When will Oracle report Q4 earnings?
Oracle is scheduled to publish fourth quarter and full year results covering the 3-month and 12-month periods to the end of May 2022 after US markets close on Monday June 13. The software company will hold a conference call at 1600 Central Time on the same day to discuss its performance.
Oracle Q4 earnings consensus
Wall Street is expecting Oracle to report total revenue of $11.68 billion in the fourth quarter of its financial year, up some 4.1% from the year before. That compares to 3% to 5% growth target set by the company. Analysts forecast quarterly adjusted EPS will fall 10.6% from last year to $1.38, at the upper end of the $1.35 to $1.39 guidance range provided by Oracle.
For the full year, analysts have pencilled-in a 4.4% rise in annual revenue to $42.26 billion and a 1.7% rise in adjusted EPS to $4.75.
Oracle Q4 earnings preview
Oracle, best known for its software and services such as Java, is on course to report its slowest growth in annual adjusted earnings in six years when it releases full year results, with the fourth quarter expected to mark the second consecutive period that EPS has declined.
Revenue growth has slowed in recent quarters due to a pullback in demand in some markets due to the uncertain economic outlook, with some analysts anticipating license sales for its infrastructure arm could struggle this quarter. Meanwhile, its hardware division that deploys equipment used by businesses setting up data centres may have continued to suffer from supply chain problems after CEO Safra Catz admitted the company ‘couldn’t meet every need as quickly as we would have liked’ in the last quarter. Still, demand for Oracle’s cloud products and the steady recurring income derived from its servicing arm means the company has been able to keep growing its topline. The tougher environment also meant short-term deferred revenues – representing the amount of sums locked-in for services yet delivered – came in below expectations in the last quarter.
Oracle has been shifting its focus toward the cloud for several years and investors have taken some comfort in the fact that growth in this area continues to remain strong, even if other parts of the business are having a tougher time.
Meanwhile, earnings have started to come under pressure amid rising costs. Its adjusted operating margin started to tighten in the last quarter and this is expected to have continued in the final quarter, with analysts pencilling-in a margin of 46.3% compared to 48.5% the year before. Operating costs jumped 8% in the last quarter, outpacing the 5% growth in revenue, as expenses rise across the business, particularly on R&D and its cloud services division. Higher interest costs on its debt also weighed on the bottom-line. Oracle also blamed the fact its investments in gene-sequencing firm Oxford Nanopore and chipmaker Ampere Computing, both of which suffered heavy falls in the period, for missing expectations in the last quarter – but said it believes both will ultimately deliver ‘strong returns’ for the company even if they could remain a drag in the shorter-term.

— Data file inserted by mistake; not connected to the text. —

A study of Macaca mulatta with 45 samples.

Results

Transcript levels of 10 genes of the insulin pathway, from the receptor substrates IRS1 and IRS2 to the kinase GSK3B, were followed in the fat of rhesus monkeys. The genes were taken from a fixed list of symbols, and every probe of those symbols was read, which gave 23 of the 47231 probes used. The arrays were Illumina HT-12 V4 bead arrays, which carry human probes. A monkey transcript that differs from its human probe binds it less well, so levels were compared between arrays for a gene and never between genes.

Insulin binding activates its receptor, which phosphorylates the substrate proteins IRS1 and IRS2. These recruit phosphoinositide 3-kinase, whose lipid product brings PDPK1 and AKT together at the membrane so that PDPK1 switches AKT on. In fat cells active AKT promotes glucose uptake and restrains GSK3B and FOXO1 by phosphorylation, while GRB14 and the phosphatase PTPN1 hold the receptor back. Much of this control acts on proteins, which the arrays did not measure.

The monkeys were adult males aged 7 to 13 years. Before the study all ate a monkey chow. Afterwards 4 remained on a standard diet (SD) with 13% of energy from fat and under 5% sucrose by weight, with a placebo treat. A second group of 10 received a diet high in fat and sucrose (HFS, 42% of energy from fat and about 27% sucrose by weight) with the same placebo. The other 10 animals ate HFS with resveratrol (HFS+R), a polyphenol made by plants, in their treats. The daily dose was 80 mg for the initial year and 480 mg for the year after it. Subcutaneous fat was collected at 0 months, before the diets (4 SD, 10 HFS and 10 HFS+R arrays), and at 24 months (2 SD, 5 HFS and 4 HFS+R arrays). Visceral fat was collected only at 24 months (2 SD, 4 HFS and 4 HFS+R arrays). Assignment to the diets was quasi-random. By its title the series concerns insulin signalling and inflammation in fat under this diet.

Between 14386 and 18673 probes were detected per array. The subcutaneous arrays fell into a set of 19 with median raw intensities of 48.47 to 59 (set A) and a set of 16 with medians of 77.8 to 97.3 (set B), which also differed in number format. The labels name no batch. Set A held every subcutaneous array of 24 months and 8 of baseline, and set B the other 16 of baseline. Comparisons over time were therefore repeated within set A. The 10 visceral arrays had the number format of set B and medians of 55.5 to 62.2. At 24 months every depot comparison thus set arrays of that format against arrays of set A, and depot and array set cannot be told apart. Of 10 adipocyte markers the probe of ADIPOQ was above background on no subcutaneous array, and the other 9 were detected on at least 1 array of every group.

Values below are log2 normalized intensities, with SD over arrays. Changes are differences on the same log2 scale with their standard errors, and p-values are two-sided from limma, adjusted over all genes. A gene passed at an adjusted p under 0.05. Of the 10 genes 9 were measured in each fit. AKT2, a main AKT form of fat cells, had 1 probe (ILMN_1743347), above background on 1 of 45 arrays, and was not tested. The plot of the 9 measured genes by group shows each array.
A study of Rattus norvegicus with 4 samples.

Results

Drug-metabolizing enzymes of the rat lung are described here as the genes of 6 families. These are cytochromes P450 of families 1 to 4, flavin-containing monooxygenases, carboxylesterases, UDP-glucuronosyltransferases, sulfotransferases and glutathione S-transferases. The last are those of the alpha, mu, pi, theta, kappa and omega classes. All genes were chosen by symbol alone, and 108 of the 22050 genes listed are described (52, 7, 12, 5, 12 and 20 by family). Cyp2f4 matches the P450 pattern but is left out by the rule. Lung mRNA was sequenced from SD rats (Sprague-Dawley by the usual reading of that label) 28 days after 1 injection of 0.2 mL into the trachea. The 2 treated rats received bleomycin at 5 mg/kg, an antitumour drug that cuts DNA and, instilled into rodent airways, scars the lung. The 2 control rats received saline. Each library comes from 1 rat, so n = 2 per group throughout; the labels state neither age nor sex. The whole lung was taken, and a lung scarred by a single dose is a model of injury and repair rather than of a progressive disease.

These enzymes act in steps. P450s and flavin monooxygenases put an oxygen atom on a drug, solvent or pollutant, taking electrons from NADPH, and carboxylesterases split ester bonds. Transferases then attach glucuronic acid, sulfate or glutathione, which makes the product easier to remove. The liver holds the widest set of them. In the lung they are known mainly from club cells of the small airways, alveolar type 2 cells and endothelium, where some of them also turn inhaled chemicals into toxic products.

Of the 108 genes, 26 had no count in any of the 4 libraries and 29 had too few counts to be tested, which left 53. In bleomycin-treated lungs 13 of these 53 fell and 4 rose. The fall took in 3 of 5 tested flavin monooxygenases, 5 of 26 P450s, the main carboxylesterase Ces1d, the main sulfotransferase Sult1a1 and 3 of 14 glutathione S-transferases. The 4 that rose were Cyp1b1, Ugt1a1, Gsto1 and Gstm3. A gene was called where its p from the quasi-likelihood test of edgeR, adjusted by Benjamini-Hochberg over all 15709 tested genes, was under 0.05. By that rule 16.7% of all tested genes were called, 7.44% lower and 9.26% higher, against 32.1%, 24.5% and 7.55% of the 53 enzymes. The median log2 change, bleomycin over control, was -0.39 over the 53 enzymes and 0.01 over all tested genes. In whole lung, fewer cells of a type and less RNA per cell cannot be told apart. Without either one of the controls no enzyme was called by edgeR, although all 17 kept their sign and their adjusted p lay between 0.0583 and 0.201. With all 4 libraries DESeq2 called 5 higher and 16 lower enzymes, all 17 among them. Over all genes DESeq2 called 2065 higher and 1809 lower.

Investors will be looking for initial guidance for the new financial year, starting with what to expect in the first quarter. Wall Street anticipates Oracle will target 5.2% revenue growth to $10.23 billion and a 9.8% rise in adjusted EPS to $1.13 in the first three months of the new financial year.
Markets believe growth can continue to accelerate in the new financial year, with current consensus figures from Bloomberg suggesting Oracle can deliver 5.9% topline growth and a 10.4% jump in adjusted EPS during the 12 months to the end of May 2023.
It is worth noting that Oracle’s acquisition of Cerner for $28 billion was recently completed, providing a fresh catalyst for the new financial year. Cerner deals in health records and the pair plan to work together to ‘transform healthcare delivery by providing medical professionals with better information’. Oracle said it expected Cerner to immediately boost adjusted EPS in the first full year after closing and ‘contribute substantially more to earnings in the second fiscal year and thereafter’. Oracle has described healthcare as the ‘largest and most important vertical market in the world’ and Cerner will accelerate the company’s overall revenue growth over the coming years.
Where next for ORCL stock?
Oracle shares have collapsed over 30% since peaking at all-time highs over six months ago.
Although shares have rebounded since hitting a 14-month low of $67 last month, the downtrend remains intact. Having tried and failed to break above this downtrend late last week, the stock needs to break above the $72 mark to signal a breakout. From there, it can look to recapture the 50-day moving average at $75, the 100-day moving average at $77 and then the 200-day moving average at $85, which is roughly in-line with the peak seen in early April. Notably, the 31 brokers that cover Oracle believe there is more potential upside with an average target price of $92, a level not seen since last year.
The 14-month low should be treated as the initial floor for the stock, which must hold to avoid opening the door to $66 level of support seen throughout March 2021. Below there, the stock could find itself falling below $64 for the first time in 16 months.
The RSI is in neutral territory and isn’t providing any signals at present, but there has been a notable drop in trading volumes over the last five to ten trading sessions whilst the stock has largely found higher ground to suggest the recent rebound could struggle to gain traction and that it could come under further pressure.